Farm Management

Maximise your crop with better pollination

Strengthening and Enabling Effective Pollination for Australia

The latest guidelines in a series on how to improve pollination are now available for lychees and papayas, joining the earlier brochures for macadamias, avocados, blueberries and melons.

Brian Cutting, Research Associate at Plant & Food Research Australia, said that pollination is a critical step to maximise the yield of many crops, but it sometimes gets less attention than other aspects of growing.

“If a grower has a pest issue or a plant nutrition problem, it’s usually quickly apparent and they can take action. But pollination problems may not be realised until long after flowering is finished.”

These brochures bring together the science on best-practice for pollination in one place and provide clear steps for growers to assess their pollination during flowering to reduce the risk of pollination failure.

Many growers in Australia rely heavily on the free pollination services offered by wild or unmanaged European honey bees. But honey bees are not always the best pollinator for a crop.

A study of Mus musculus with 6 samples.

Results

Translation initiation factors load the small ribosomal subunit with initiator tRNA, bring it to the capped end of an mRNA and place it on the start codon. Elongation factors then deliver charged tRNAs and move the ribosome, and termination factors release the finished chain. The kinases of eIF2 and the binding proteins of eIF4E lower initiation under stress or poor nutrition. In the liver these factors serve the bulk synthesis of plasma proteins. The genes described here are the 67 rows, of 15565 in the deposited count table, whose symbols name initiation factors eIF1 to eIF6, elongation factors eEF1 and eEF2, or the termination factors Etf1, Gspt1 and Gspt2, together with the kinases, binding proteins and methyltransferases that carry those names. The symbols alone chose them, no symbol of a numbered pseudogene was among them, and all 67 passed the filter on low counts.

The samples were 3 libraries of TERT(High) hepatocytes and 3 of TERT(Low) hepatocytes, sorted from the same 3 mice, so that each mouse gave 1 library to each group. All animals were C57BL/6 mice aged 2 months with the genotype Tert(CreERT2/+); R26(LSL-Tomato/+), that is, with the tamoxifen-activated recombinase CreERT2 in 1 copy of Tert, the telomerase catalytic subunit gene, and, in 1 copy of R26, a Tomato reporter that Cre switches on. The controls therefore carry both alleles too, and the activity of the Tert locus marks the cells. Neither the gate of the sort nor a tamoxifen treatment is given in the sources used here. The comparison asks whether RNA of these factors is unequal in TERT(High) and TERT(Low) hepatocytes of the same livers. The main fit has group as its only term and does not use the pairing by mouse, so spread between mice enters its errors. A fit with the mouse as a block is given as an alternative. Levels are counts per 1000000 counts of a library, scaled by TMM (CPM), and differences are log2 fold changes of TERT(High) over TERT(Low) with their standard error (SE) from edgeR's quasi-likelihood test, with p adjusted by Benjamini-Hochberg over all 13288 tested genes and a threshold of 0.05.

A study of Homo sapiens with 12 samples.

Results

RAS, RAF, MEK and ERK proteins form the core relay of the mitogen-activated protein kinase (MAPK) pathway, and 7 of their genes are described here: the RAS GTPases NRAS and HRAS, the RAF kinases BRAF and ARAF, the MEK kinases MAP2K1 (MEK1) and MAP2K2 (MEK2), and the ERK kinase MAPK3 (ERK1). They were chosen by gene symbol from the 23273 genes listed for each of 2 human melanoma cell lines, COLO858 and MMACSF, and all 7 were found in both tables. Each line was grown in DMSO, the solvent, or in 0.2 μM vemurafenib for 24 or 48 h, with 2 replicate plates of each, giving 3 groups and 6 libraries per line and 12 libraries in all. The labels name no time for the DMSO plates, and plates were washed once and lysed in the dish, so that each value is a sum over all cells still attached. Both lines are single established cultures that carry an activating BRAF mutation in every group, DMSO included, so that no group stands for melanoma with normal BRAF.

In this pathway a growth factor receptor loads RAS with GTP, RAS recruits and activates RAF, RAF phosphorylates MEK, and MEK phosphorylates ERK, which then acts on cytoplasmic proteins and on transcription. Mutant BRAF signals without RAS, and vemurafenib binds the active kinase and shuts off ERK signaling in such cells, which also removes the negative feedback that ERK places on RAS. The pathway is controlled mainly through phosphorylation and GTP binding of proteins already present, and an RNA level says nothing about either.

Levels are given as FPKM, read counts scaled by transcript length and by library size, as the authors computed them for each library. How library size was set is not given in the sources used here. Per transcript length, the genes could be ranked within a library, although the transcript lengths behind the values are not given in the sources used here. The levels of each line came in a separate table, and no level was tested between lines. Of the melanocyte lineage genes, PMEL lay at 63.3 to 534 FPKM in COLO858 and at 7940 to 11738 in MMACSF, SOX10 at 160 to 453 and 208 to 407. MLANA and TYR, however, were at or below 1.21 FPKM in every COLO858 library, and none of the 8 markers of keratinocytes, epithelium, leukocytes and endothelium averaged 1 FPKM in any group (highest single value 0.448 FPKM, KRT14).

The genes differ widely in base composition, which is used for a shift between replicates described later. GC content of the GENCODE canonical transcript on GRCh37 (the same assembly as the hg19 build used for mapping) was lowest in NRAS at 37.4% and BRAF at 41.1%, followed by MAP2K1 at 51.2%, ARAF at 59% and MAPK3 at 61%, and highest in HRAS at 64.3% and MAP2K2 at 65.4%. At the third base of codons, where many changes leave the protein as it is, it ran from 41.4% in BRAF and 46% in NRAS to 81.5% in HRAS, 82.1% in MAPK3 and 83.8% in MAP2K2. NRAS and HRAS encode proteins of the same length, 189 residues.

Green blow fly pollinating an avocado flower. Image: Brian Cutting, Plant & Food Research Australia

“In many cases there’s a variety of local insects like native bees, flies and moths that can pollinate the crops and increase yield. With a bit of planning, a grower can get the best mix of pollinators working in their crops to maximise yield.”

The reliance on European honey bees also means that growers could suffer big losses if pests like Varroa destructor make their way to Australia.

“The varroa mite is devastating to honey bees. So far vigilant beekeepers and biosecurity authorities have managed to keep it out of Australia, but the risk of it establishing here will always be high.”

“Our new research will help growers find out which pollinators are the most important for their crop. That way they’ll be getting the best yields from their crops now, and they are well placed to respond if there’s a sudden change to the local population of honey bees.”

Download the brochures:

Acknowledgement: The project Strengthening and Enabling Effective Pollination for Australia is funded by the Hort Frontiers Pollination Fund, part of the Hort Frontiers strategic partnership initiative developed by Hort Innovation, with co-investment from the New Zealand Institute for Plant and Food Research Limited and contributions from the Australian Government.